WASHINGTON — Cablevision Systems’ fight with Meredith Broadcasting in Hartford, Conn., has opened two new fronts in St. Louis and the nation’s capital.
At issue for Cablevision is an ongoing retransmissionconsent impasse over carriage of Meredith’s CBS affiliate WFSB in Hartford. Cablevision escalated the fight last week, challenging Meredith’s bid to purchase KMOV-TV in St. Louis, a deal that was a side effect of KMOV owner Gannett’s $2.2 billion purchase of Belo.
The Bethpage, N.Y.-based cable operator asked the Federal Communications Commission to deny the KMOV acquisition and to look into whether Meredith was fit to own any TV stations. Meredith countered that Cablevision wasn’t telling the truth.
Cablevision said it’s willing to pay Meredith to carry WFSB on its systems in Litchfield and New Haven counties — part of the Waterbury- Hartford-New Haven DMA — but it is unwilling to pay for the station in Fairfield County, Conn., a county in the New York market served by WCBS-TV. Meredith wants Cablevision to pay to carry the channel across the state, and has made WFSB unavailable to the MSO throughout Connecticut, including areas where WCBS is unavailable.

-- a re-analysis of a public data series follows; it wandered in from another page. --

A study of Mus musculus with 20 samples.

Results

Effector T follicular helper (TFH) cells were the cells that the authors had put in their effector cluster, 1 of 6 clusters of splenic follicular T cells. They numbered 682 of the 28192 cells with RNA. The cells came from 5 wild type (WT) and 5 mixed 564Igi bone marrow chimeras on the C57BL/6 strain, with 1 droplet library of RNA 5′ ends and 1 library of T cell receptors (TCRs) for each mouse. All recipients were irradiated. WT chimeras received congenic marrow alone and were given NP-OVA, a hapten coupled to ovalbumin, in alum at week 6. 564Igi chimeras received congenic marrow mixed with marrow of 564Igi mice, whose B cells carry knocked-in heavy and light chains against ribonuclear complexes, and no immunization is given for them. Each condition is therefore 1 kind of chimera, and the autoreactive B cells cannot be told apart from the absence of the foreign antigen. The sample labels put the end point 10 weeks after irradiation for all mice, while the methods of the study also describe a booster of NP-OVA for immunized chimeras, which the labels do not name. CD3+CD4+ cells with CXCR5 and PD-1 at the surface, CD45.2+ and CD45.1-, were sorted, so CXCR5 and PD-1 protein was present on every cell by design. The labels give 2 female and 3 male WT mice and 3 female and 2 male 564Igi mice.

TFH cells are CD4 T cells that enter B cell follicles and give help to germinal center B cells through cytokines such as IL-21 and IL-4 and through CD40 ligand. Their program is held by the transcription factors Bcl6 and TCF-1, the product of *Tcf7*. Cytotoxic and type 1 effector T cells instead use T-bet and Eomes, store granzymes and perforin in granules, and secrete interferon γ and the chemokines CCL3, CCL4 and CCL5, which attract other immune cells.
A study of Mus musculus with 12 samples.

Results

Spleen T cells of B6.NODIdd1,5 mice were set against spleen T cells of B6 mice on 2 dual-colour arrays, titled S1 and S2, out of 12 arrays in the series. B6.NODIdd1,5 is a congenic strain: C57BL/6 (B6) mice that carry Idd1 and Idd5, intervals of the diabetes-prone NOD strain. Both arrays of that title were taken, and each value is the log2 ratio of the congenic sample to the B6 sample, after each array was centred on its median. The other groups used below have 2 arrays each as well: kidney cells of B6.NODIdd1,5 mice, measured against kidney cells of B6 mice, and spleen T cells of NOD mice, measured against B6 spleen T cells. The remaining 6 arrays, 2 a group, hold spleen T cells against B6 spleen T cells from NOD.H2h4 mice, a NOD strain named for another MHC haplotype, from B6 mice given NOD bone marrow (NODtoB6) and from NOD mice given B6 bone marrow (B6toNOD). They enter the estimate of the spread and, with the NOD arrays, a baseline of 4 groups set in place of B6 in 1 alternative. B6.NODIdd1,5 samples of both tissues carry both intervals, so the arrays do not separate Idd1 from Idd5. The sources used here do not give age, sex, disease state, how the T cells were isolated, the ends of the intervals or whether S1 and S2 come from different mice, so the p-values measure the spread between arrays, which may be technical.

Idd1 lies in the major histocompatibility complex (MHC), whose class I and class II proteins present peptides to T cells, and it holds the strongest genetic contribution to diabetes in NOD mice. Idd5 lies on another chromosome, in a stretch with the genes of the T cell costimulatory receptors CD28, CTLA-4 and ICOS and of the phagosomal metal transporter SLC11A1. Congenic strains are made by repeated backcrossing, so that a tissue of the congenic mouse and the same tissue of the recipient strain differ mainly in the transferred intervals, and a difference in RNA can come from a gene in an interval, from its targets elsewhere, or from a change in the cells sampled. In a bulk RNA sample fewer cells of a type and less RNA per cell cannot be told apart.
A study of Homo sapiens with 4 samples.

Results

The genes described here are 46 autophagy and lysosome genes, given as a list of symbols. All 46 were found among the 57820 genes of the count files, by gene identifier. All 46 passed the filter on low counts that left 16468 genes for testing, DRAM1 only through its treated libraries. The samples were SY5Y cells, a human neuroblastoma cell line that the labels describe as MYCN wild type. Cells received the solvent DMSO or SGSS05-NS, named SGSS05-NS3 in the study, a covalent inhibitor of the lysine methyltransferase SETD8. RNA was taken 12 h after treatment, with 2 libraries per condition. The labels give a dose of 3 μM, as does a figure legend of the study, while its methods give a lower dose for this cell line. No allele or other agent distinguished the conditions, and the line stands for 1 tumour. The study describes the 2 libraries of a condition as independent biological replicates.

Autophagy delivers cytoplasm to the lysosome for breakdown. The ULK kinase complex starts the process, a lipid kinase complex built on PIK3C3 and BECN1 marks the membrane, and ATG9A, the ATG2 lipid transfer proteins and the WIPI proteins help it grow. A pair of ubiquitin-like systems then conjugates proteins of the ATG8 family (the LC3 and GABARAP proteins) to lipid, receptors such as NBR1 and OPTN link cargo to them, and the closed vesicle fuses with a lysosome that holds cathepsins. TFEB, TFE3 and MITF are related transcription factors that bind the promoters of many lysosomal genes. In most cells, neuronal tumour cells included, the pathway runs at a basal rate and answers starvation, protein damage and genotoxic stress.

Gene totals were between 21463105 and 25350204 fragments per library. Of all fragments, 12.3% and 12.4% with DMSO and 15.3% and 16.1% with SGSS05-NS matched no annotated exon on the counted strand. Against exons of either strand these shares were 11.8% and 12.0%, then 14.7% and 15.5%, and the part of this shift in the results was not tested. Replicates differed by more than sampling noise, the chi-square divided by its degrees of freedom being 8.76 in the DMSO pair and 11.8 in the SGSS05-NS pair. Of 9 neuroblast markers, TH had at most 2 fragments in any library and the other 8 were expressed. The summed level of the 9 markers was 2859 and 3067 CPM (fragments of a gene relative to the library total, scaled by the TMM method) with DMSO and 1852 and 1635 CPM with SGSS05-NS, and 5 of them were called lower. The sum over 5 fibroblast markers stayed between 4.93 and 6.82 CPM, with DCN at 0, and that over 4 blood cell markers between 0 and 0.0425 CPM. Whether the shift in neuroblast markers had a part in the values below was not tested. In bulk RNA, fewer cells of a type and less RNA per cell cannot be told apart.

“Meredith Corp. is violating its public-interest obligations with its CBS affiliate in Connecticut by blacking out CBS programming completely in one part of the state in order to reap fees in another part of the state where consumers already pay for another local CBS affiliate,” Cablevision told the FCC. “Meredith is withholding WFSB’s programming from Cablevision subscribers in the Hartford-New Haven DMA as a negotiating strategy to gain paid carriage on additional Cablevision systems.”
Cablevision called that “an unprecedented negotiating tactic that is harming the consumers Meredith pledged to serve, and these actions portend Meredith’s unwillingness to serve the public interest in the St. Louis market.”
Meredith fired back, saying “Cablevision’s assertions are untrue and reflect its lack of understanding of Connecticut television viewers.”
“Other subscription-television operators recognize the value of WFSB local programming and have entered into agreements to compensate us accordingly,” Meredith said. “However, Cablevision has refused to even negotiate, and is revealing its true colors by wasting time with … a nuisance filing in the St. Louis market, a jurisdiction where it doesn’t even serve any viewers.”
Meredith said it remained ready to negotiate “in good faith” with Cablevision.